It's a common refrain among urbanist types who are savvy to land use issues that increasing the amount of housing in a region can lower rents, or at least slow their rise. The reasoning is straightforward: if you have more demand than supply, prices will increase; if you increase supply to meet or exceed demand, landlords will be forced to compete with one another for renters and prices will decline.
This sounds really great. When you combine it with all the other great things densely-built, transit-oriented development can bring (more walking, bicycling, and transit use; more efficient use of energy and infrastructure; greater diversity of shops, restaurants, and entertainment; more spontaneous interactions with other members of the community; etc.), it sounds even better. But is it true? Do rents really decline just because more units of housing get built? I wanted proof.
After reading this article at the Seattle Times on the boom in apartment building in the Puget Sound region and the effects it may have on rents, I felt like I was on the right track. Unfortunately, the most conclusive statement contained in the article in support of this idea was the following:
[T]he regional apartment-vacancy rate has stopped dropping, both Dupre + Scott and Apartment Insights say, and it should start inching up next year as a bumper crop of new apartment projects comes to market.
That means “rents will basically have to flatten out,” said Mike Scott of Dupre + Scott.
Great news! Not exactly a scientific proof, but I'll take it. Near the end of the article, however:
Even so, 73 percent of landlords responding to that company’s survey said they plan to increase rents over the next six months.
Okay, not so good news. Most of the 35,000 units planned for the next 5 years haven't opened yet though, so maybe landlords are just getting what they can while the gettin's good. Soon enough, the thinking goes, the balance of power is going to tip back toward the renters, and prices will moderate. And a good thing too, since in-city rents for 20+ unit apartments in Seattle have increased by almost 7.5% in the last year (most of that, 6%, in the last 6 months). Has this actually happened? Thankfully, the Times article led me to the answer.
In an article Dupre + Scott Apartment Advisors have produced to accompany the aforementioned survey, they clearly describe some of the trends in the region and break it down into sub-regions with some nice charts. I really encourage you to read the whole thing--it's not too long. But first, and most importantly, I'd like to show you the following two charts from the article:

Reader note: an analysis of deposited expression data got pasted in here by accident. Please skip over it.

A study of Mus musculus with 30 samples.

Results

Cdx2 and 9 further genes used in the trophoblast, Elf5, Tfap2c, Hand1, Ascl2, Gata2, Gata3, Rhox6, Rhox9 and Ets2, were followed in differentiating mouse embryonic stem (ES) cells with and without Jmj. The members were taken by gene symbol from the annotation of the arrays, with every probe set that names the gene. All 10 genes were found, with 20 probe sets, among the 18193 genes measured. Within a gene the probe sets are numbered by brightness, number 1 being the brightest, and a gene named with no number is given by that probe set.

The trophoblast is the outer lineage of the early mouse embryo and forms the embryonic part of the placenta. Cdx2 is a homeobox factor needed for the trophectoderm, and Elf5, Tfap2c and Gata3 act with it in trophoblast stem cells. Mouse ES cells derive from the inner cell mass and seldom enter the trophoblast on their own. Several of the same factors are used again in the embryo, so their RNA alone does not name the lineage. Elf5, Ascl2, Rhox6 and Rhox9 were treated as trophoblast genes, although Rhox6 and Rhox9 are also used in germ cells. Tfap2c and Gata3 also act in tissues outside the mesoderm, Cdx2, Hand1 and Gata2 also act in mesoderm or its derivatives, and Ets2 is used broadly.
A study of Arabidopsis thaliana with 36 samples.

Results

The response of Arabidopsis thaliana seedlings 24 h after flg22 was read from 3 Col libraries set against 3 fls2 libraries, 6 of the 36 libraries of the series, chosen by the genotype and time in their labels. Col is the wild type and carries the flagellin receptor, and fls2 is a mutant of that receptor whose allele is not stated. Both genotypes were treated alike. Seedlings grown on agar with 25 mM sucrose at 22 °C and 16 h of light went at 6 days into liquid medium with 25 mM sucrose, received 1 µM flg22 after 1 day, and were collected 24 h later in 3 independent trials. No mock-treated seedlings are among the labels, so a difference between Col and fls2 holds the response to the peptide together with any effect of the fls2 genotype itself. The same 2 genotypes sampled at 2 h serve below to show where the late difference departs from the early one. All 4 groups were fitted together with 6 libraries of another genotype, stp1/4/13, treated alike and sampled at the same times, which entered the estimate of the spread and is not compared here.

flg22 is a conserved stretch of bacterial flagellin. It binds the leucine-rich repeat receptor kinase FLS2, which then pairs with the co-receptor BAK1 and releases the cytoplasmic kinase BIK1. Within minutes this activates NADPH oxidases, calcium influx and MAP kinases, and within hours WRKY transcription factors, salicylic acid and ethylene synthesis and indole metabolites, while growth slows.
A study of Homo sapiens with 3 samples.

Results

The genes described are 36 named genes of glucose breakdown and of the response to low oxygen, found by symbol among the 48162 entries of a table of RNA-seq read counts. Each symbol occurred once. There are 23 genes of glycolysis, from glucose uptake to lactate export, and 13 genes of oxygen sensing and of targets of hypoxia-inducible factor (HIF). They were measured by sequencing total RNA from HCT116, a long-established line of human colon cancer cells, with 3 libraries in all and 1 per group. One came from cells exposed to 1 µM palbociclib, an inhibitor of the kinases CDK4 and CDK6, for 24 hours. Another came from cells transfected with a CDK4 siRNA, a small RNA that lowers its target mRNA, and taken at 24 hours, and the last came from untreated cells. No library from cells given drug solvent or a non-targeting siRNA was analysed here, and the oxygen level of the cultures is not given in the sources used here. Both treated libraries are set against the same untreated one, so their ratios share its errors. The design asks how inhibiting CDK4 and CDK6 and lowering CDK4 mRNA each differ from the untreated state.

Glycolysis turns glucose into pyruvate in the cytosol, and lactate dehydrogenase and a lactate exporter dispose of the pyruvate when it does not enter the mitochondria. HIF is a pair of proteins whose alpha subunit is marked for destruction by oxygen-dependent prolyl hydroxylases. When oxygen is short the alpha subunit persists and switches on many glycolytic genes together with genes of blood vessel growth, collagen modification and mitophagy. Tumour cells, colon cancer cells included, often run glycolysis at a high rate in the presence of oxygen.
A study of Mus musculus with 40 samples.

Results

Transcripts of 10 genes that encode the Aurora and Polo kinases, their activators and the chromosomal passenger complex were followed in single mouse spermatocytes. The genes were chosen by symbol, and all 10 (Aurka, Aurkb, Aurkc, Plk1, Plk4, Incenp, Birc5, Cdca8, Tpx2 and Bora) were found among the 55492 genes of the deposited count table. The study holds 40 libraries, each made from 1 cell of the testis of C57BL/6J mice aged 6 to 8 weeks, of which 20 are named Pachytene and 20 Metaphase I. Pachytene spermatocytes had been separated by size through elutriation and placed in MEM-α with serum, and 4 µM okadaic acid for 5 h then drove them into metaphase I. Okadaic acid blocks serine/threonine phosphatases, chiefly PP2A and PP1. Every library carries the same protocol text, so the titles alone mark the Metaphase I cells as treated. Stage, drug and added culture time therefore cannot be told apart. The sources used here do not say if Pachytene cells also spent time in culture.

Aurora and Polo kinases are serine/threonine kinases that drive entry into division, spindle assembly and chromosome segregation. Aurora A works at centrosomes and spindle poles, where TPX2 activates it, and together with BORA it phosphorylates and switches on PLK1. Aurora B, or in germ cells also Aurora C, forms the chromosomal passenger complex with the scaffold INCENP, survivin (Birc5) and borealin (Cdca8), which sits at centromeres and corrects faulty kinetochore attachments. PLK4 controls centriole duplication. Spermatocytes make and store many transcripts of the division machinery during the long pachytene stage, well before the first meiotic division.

What I hope you'll appreciate when looking at these charts is their opposing nature. When vacancies are low, rents go up; when vacancies are high, rents go down. That's right, they actually went down! Next time someone tells you it's not possible, and asks you how building new, usually more expensive housing will lower rents, just point them here. It works. And just to be clear, I believe these prices are in nominal terms, not inflation-adjusted, which would explain why prices tend to increase by higher percentages than they decrease. If you provide enough housing to affect vacancies (i.e., enough to meet or exceed demand), prices will go down.
Now I'd like to point out one more chart:
Note how many apartment units were opened in 1999-2002, and then take a look at the vacancy rate for 2001-2005 in the earlier chart. We built a lot of units in that time period, and it seems that this had a significant impact on the market vacancy rate. If you know of something else that accounted for this difference please let me know in comments, but for now I'm going to stick with the sensible conclusion that the supply increased beyond demand and we ended up with a bit of an apartment glut. Prices went down and all was right with the world (for renters, at least). Now look at how many units are planned for 2012-2015. Many more! I suspect that demand for urban living has increased since the early 2000s, but nonetheless this bodes very well for apartment prices in the coming years. And just to drive the point home, note that it took a year or two after the apartments started coming online for prices to start declining. That shouldn't be surprising since the first to open probably only served to soak up the existing unsatisfied demand for living in the regions--it took an excess of supply to actually start bringing prices down.
One more thing to look forward to, renters: besides the large addition of apartments we're experiencing, the real estate market is also improving. That means many people who were forced into renting, or delayed buying a house until they were certain the real estate market had hit rock bottom, are going to start exiting the rental market. So look for this to remove some of your competition as well, driving prices down even further.
So three cheers for providing more housing in Seattle! It's efficient, it's in demand, and it helps keep housing affordable. What's not to like!?